American Jewish Committee (AJC) will convene a meeting of antisemitism envoys from other nations as part of the efforts of an interagency group created by President Biden to build a national strategy to combat antisemitism.

The envoys and AJC are slated to meet with Biden administration officials at the White House on Feb. 28.

“AJC is convening this meeting at the White House because we know that effectively combating antisemitism at home requires lessons and best practices from abroad,” said AJC CEO Ted Deutch. “The more we can learn about the strategies other nations have deployed to fight antisemitism, the better it can inform how law enforcement and government respond to anti-Jewish hatred in the U.S.”

Deutch was in Brussels last month to speak at the European Parliament on the eve of International Holocaust Remembrance Day. He said the “memory of the six million is a constant reminder of the difficult work that lies ahead” and underscored the need for a global response to antisemitism. 

Deutch was also part of a White House antisemitism roundtable on Dec. 7 with Second Gentleman Doug Emhoff, where Deutch urged the Biden administration to create the interagency task force and a national strategy to fight antisemitism. Both were announced five days later.  

The meeting will be held following the Feb. 13 release of AJC’s latest State of Antisemitism in America report, a comprehensive look at how American Jews and the general public view antisemitism and the threat it poses in the U.S. today.

The envoys slated to attend are:

  • Katharina von Schnurbein, European Commission Coordinator on Combatting Antisemitism and Fostering Jewish Life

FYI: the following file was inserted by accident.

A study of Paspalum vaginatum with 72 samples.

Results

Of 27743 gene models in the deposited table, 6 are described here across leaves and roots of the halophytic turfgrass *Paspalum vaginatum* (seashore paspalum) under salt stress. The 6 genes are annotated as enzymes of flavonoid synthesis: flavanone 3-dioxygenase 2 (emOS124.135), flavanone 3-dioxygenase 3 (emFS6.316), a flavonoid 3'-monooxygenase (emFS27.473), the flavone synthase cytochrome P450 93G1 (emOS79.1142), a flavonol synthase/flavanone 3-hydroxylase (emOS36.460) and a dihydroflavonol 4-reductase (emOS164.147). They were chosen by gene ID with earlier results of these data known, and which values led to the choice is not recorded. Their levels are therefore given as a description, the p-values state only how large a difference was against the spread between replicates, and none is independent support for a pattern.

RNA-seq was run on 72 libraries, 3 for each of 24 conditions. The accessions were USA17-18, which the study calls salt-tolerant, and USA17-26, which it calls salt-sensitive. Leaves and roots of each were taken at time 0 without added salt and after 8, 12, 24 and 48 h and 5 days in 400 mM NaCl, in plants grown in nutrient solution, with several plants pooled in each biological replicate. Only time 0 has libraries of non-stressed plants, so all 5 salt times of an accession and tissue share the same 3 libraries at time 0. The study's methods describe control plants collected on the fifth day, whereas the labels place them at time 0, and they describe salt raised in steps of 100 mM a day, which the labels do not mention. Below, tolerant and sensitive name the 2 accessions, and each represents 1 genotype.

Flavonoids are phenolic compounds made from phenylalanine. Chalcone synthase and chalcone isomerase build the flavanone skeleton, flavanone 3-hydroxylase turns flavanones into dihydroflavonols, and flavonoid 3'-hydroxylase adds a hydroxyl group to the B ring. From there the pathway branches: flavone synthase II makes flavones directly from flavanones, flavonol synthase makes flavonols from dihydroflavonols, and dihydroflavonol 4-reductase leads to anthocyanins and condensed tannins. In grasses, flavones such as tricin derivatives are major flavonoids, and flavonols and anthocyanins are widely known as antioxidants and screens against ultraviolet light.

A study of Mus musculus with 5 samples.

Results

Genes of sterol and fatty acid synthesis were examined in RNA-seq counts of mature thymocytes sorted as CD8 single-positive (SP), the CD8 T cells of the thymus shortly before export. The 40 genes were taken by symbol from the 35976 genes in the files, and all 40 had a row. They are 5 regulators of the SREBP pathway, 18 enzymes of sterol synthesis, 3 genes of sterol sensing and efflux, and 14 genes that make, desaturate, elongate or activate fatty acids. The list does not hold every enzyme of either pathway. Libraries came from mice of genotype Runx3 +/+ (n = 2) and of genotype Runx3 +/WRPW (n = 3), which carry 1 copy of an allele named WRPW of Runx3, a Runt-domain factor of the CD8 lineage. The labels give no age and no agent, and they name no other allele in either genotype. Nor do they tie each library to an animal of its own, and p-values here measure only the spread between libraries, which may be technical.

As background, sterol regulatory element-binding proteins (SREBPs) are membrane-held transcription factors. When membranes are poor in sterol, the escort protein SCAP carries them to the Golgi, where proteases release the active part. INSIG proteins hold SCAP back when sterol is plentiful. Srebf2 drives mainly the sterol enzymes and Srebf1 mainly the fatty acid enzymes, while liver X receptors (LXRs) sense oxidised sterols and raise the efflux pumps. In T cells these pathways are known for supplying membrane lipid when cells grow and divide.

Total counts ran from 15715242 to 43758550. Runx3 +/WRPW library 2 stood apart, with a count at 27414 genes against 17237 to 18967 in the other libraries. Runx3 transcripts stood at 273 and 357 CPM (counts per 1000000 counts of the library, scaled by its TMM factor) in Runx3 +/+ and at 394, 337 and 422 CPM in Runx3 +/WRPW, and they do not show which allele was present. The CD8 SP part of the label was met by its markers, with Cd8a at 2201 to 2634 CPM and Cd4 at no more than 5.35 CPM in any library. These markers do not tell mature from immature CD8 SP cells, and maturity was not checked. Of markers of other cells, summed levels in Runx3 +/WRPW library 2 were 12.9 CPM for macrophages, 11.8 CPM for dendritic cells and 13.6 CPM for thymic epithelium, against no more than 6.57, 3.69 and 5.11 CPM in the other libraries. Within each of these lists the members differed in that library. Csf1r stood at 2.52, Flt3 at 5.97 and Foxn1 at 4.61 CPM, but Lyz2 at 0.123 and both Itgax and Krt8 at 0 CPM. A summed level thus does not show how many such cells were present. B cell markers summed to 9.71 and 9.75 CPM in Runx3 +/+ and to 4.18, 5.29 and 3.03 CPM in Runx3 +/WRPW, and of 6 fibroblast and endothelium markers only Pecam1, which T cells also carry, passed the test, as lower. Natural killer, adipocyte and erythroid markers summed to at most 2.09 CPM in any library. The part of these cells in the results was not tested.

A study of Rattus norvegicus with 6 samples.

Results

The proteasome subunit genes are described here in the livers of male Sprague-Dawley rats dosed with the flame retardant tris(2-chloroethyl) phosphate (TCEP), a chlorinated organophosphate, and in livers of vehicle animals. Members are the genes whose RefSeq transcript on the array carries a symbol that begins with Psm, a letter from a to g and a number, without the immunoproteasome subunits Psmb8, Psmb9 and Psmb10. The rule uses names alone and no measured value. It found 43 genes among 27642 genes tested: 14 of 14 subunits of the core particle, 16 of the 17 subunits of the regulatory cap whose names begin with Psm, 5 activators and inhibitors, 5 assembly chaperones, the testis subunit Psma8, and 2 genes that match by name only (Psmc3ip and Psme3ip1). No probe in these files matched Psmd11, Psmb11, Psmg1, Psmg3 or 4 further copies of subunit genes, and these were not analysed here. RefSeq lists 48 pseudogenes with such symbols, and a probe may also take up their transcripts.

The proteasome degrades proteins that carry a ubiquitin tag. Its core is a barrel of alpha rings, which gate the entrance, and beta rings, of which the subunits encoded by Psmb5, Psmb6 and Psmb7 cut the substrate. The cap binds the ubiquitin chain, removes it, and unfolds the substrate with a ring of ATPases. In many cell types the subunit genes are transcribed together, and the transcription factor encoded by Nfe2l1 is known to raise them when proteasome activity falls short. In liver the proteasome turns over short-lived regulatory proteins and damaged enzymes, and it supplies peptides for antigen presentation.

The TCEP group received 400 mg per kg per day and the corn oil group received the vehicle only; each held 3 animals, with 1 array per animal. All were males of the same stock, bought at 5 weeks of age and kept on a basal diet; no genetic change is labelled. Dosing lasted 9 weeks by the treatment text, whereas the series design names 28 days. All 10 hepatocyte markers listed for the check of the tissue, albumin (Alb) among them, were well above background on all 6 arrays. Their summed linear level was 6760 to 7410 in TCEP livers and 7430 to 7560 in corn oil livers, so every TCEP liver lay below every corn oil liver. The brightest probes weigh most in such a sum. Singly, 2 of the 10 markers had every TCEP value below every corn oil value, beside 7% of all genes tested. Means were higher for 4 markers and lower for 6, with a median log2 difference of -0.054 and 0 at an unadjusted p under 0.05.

• Fernando Lottenberg, Organization of American States (OAS) Commissioner for Monitoring and Combating Antisemitism
  • Felix Klein, Federal Government Commissioner for Jewish Life in Germany and the Fight Against Antisemitism
  • Lord John Mann, United Kingdom's Government Independent Advisor on Antisemitism
  • Eddo Verdoner, Netherlands’ National Coordinator for Countering Anti-Semitism  
  • Oystein Lyngroth, Special Envoy for Freedom of Religion or Belief and Head of the IHRA Delegation in Norway

AJC leaders will also accompany the envoys to Capitol Hill for meetings with members of Congress. Some of the envoys will travel on to Miami and Los Angeles to meet with local officials and Jewish leaders before returning to Europe.

AJC advances its work combating antisemitism and extremism through extensive relationships with leaders and decision-makers from around the world and partnerships with local Jewish communities, including the development of national action plans to combat antisemitism. 

Through its 25 regional offices in the U.S. and 16 international offices, AJC, the global advocacy organization for the Jewish people, counters all forms of antisemitism by calling on governments to act and by organizing coalitions with other faith and ethnic groups to forge a united front against hate.